Europe's troubled seas
 Gutsy bacteria 
 The triumphs of a gene hunter
 Utopia on wheels


European space policy over the next few years will be centred largely on two ambitious projects. Both are rooted in the aim of achieving genuine independence in key fields dependent on a command of space: positioning (particularly crucial to the transport system), and control of Earth observation (essential for reasons of environmental management and security). 

The Nile Delta photographed by the Meris satellite.  ©ESA
The Nile Delta photographed by the Meris satellite.


The history of space is fundamentally dualistic. One of the most powerful motors for the development of many space applications has been military considerations, especially during the Cold War. 

It was in this 'Star Wars' climate – at its peak in the 1980s – that the two superpowers set up their respective navigation and positioning systems. Based on 'satellite constellations', the US Global Positioning System (GPS) and the Russian Global Navigation Satellite System (Glonass) continue to constantly scrutinise the entire surface of the globe. 

As the international situation eased in the 1990s, these tools began to be used for civil and commercial purposes. The services they provided proved to be of major importance, in particular for managing transport systems, but also in many other fields (customs, insurance, single judicial area, agricultural monitoring, etc.). 

Essential autonomy
Throughout this period, Europe – lacking a common vision of its defence and security – had few ambitions in this field. It was not until 1999 that the idea was hatched of giving the Union an autonomous capacity. The need for such a project, known as Galileo, was based on a number of considerations.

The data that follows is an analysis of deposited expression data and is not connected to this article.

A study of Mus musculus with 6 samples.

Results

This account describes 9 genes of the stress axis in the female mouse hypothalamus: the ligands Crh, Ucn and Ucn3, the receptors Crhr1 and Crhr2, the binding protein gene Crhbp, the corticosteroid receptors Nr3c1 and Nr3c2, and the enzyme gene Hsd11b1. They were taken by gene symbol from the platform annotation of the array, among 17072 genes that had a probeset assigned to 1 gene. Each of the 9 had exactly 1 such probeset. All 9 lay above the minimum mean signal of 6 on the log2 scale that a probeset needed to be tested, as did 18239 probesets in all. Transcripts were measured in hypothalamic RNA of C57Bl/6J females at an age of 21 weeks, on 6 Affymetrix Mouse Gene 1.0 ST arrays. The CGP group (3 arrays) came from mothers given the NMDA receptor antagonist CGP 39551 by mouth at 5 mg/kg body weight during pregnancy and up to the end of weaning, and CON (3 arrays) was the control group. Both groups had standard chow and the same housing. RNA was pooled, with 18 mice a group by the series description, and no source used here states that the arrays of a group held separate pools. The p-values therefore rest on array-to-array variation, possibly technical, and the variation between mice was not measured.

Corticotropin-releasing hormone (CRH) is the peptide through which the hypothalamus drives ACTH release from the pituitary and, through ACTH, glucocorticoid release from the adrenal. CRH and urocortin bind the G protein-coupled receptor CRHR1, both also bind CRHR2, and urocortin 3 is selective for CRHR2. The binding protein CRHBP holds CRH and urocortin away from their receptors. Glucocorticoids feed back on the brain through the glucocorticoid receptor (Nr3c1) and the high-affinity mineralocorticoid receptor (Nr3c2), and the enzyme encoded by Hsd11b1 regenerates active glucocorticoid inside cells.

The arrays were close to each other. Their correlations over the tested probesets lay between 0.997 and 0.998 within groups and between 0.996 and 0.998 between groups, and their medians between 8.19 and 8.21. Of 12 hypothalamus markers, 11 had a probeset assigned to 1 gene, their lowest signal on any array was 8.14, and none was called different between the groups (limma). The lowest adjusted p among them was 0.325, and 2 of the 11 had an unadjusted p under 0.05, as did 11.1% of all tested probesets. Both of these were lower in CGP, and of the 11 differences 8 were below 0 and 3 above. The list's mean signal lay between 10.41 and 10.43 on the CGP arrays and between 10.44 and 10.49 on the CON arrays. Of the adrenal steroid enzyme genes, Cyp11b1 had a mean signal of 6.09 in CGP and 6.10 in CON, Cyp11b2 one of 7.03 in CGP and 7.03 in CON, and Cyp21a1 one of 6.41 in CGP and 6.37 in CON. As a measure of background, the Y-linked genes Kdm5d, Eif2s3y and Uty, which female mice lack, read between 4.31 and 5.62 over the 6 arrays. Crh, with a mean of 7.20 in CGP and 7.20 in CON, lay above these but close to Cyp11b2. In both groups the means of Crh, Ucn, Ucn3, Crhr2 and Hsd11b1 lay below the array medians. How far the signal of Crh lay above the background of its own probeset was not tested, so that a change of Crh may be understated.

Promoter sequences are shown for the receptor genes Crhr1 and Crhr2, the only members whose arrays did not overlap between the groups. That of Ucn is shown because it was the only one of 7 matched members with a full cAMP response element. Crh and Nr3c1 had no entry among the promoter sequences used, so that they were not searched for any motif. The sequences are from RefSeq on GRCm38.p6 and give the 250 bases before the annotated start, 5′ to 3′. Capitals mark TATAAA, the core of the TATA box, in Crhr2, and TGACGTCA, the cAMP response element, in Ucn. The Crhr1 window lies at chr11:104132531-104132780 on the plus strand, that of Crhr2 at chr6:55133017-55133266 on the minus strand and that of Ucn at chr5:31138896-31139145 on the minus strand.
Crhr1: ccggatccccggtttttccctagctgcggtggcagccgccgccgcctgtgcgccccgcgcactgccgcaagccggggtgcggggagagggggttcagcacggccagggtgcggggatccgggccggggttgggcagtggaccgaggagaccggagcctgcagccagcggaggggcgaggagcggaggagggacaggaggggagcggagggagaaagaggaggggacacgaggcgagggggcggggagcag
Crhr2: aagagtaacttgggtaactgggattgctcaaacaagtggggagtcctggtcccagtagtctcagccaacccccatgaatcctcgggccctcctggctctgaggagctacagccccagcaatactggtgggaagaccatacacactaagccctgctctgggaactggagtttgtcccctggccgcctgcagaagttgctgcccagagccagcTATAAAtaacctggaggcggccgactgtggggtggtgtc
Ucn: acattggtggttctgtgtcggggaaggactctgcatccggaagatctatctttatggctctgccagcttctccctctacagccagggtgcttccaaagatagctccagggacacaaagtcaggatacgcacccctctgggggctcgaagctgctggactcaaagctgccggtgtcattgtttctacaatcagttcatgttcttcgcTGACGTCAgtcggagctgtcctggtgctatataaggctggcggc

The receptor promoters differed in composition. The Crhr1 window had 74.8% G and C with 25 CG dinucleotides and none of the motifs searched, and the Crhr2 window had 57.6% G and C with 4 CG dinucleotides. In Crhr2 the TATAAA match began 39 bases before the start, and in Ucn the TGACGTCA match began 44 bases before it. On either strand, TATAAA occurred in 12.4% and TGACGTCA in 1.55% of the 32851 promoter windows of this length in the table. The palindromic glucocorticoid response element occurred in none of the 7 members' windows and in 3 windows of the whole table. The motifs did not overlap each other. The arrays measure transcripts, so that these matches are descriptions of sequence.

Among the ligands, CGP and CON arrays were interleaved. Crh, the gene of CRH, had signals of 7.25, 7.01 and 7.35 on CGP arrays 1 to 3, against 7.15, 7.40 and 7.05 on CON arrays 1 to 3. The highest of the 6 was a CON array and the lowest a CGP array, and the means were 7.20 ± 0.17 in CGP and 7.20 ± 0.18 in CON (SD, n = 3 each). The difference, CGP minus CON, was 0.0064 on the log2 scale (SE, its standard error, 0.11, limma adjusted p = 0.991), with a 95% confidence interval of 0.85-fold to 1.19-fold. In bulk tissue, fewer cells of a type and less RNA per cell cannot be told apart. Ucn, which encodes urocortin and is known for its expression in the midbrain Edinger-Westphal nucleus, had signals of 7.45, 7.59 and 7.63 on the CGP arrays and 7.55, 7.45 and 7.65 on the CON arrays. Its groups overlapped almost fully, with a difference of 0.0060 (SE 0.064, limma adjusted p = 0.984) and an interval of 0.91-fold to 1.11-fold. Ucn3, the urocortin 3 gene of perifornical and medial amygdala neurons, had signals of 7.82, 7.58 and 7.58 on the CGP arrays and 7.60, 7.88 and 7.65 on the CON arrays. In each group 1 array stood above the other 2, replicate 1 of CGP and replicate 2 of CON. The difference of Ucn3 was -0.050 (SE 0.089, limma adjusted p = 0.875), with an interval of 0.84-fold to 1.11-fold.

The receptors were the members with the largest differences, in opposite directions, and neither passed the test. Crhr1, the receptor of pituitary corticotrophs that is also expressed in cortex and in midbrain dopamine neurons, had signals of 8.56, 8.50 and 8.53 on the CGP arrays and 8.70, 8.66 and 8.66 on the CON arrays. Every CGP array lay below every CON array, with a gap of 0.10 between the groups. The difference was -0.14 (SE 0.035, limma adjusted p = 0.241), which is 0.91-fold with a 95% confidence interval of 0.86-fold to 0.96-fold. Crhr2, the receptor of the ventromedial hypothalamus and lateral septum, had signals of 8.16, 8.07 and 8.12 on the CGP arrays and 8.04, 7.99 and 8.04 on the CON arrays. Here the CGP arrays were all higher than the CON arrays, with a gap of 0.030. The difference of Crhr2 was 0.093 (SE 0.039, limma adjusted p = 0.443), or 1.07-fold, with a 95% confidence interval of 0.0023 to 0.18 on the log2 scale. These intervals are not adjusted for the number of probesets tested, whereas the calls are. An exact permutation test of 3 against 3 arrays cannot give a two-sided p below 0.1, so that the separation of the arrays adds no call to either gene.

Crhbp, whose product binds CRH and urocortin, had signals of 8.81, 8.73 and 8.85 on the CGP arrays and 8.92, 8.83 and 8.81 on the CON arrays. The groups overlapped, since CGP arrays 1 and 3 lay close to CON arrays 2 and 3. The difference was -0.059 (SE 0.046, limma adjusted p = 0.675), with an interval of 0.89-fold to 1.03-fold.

First of all, a positioning system is essential for regulating contemporary transport systems. The GPS and Glonass, however, continue to serve military needs before anything else – which, in case of crisis, take priority over any foreign civil clients. Galileo will also offer improved performance. Above all, European autonomy in this sector is a key element of a new independent European Defence and Security Policy (EDSP). 

At a cost of over 3 billion euro, Galileo is certainly a 'mega project'. It is based on launching some 30 satellites to an altitude of over 20 000 kilometres, coupled with a major terrestrial infrastructure. It was a long and sometimes laborious process to design the system and to set it up financially, on the basis of Union and ESA funding as well as that of a consortium of private partners. On 27 May this year, the firm and final decision was made to implement it and the system will be operational in 2008.    

Global monitoring
The second major ambition concerns the deployment and integration of Earth observation capacities within an increasingly operational and coherent global system. At present, a multitude of satellites is continuously scrutinising the Earth. These transmit a mass of information which is used increasingly for the purposes of environmental policy, town and country planning, meteorology, the prevention of natural or industrial risks, and support for civil protection operations in the event of disaster. In future, such satellite information will also be important for managing the peacemaking and peacekeeping operations the Union plans to undertake as part of its common defence policy.

This mass of information is, however, particularly difficult to manage and to use because of the many sources and the lack of any data integration or standardisation. The Global Monitoring for Environment and Security (GMES) initiative is one of the major space projects in which the Union and ESA are coordinating co-operation between the many public and private players involved in the systems of collecting, processing and exploiting satellite observations of the Earth. The aim is for Europe to have, by 2008, a coherent, efficient and operational system able to exploit to the maximum the growing uses and services made possible by the space tool.